By Mary Hursh
Amy S. Peele, author of “Cut” and “Aunt Mary’s Guide to Raising Children the Old-Fashioned Way” will speak about her books as well as her passion as a transplant nurse at the University of Chicago during an afternoon session at the Syracuse Public Library at 2 p.m. July 26.
Peele is a graduate of the South Chicago School of Nursing, and attended Barat College and DePaul University. As a registered nurse, she worked as the transplant coordinator at the University of Chicago and recently retired from the University of California San Francisco as the director of clinical operations for all solid organ transplants. Her 2017 book “Cut” is a mystery with an authentic look into the world of transplantation and organ donation. It is the first book in a trilogy
Those area residents who still remember the Beacon, a restaurant on Kale Island, may be interested in her book “Aunt Mary’s Guide to Raising Children the Old-Fashioned Way” because part of the memories included in the book come from the author’s many summer days spent with her aunt, Mary Duerk Evans, the early 1950s owner of the Beacon. “The restaurant was casual and the environment relaxing. The specialties included fried chicken, hamburgers, fries, lake fish, salads and desserts.” At the time, patrons could boat to her pier and walk over.
“My life was laced with love, happiness, struggle, violence, Irish humor and the promise of relief from the cool summer waters of Lake Wawasee,” said Peele. Her grandmother, Lillian Duerk Kurtzfield (Mogi),lived behind the Beacon and next door to her sister Mary.
“We could walk across the street to the Beacon and eat as much as we wanted, compared to home where food was almost rationed,” says Peele. Peele and her five siblings (Bob, Charlene, Kerry, John, Helen), were raised primarily by her mother, Helen, a nurse, because her father left the family when Peele was eight years old.
Meals at the lake were prepared in Aunt Mary’s garage, which had a full kitchen and bathroom and a table that sat eight. At 5, all children had to exit the garage for the adult cocktail time. “ After dinner, we went to the Dairy Queen and then we scattered to all parts of Kale Island to feed the swans at the Chinese Gardens, catch fireflies or sneak out for a forbidden midnight swim,” recalls Peele. “The swans and the big willow trees made the gardens magical.”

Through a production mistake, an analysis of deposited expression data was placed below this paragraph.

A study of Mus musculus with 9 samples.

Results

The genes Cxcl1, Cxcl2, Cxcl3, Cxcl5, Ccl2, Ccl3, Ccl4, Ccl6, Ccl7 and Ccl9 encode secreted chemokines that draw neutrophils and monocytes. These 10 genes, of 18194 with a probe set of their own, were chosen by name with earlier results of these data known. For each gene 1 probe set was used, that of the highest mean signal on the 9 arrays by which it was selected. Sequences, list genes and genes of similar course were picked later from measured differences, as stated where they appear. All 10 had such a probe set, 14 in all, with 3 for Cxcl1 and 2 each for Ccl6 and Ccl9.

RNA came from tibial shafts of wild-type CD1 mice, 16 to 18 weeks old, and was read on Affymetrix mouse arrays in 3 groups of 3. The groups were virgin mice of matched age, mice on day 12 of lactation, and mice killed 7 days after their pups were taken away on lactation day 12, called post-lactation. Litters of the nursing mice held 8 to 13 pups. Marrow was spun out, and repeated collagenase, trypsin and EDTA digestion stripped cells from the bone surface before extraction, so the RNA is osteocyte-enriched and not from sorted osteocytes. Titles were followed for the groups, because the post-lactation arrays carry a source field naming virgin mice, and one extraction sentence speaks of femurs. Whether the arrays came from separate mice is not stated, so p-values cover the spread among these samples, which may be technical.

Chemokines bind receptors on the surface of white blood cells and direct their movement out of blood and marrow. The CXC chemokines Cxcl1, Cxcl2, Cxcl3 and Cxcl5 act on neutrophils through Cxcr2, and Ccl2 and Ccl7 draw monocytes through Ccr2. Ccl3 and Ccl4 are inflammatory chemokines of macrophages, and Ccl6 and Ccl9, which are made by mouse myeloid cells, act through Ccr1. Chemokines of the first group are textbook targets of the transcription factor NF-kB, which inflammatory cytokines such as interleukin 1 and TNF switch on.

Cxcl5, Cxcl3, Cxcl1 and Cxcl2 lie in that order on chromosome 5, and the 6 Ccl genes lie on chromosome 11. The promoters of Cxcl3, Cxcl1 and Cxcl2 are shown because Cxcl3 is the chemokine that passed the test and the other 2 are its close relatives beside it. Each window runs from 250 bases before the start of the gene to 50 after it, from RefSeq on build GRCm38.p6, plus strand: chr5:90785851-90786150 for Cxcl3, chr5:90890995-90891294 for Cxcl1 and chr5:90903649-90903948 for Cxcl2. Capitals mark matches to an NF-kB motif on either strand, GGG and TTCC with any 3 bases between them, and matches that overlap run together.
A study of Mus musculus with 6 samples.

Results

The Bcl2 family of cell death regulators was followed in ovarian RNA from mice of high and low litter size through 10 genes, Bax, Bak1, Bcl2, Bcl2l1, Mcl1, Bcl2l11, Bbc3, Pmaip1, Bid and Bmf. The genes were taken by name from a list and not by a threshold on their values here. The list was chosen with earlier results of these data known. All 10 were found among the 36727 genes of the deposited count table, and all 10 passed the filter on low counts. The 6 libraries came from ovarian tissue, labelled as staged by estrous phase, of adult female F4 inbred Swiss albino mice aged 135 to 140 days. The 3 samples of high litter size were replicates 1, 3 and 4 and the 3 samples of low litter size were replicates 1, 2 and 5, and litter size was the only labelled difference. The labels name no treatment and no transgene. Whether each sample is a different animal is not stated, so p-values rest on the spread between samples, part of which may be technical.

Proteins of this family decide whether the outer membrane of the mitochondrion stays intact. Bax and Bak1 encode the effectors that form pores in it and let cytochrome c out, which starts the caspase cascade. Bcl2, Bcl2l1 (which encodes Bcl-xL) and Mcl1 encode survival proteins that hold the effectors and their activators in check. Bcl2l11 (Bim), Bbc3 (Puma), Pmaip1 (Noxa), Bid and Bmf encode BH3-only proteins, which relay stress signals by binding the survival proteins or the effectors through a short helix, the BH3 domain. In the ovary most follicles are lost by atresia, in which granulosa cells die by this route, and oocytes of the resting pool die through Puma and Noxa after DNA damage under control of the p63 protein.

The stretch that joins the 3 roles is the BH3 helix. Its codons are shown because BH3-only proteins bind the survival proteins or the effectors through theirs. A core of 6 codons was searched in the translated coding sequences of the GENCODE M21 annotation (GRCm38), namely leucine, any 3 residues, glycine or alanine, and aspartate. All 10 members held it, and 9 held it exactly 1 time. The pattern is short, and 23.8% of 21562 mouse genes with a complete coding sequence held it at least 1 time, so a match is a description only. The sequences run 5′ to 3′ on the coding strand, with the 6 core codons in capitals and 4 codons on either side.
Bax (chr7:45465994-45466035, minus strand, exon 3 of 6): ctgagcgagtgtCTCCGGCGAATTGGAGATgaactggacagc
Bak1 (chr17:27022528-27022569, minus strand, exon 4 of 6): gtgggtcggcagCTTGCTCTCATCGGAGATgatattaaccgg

Over the years, Aunt Mary and Mogi bought all the children shoes and clothes for school, sent checks for mortgage payments and gave them money to rent a rowboat and buy candy at the root beer stand.
The shells and the rocks found by the children on their many swims were always a source of joy to Peele. “We never talked about what was happening at home as we swam under the pier and chased each other. The lake always gave us peace
Peele writes of her difficulties at local church schools, her reactions to her challenging family life as well as the joys of learning how to fish and clean the fish. “ Years later, when we started bringing our boyfriends and girlfriends around the adults would signal their approval by saying whether or not they were keepers,” said Peele.
The overall theme of Aunt Mary’s Guide is that “it’s not what the memory does with you, but what you do with the memory that makes it either a useful lesson or an excuse not to do what you were put on this planet to do.”
As many lake children would say, life at the lake was about abundant food and total freedom. And as Eleanor Roosevelt once said, “In the long run, we shape our lives, and we shape ourselves. And the process never ends until we die. And the choices we make are ultimately our responsibility.”
Peele and her husband, Mark Schatz, live in Novato, Calif.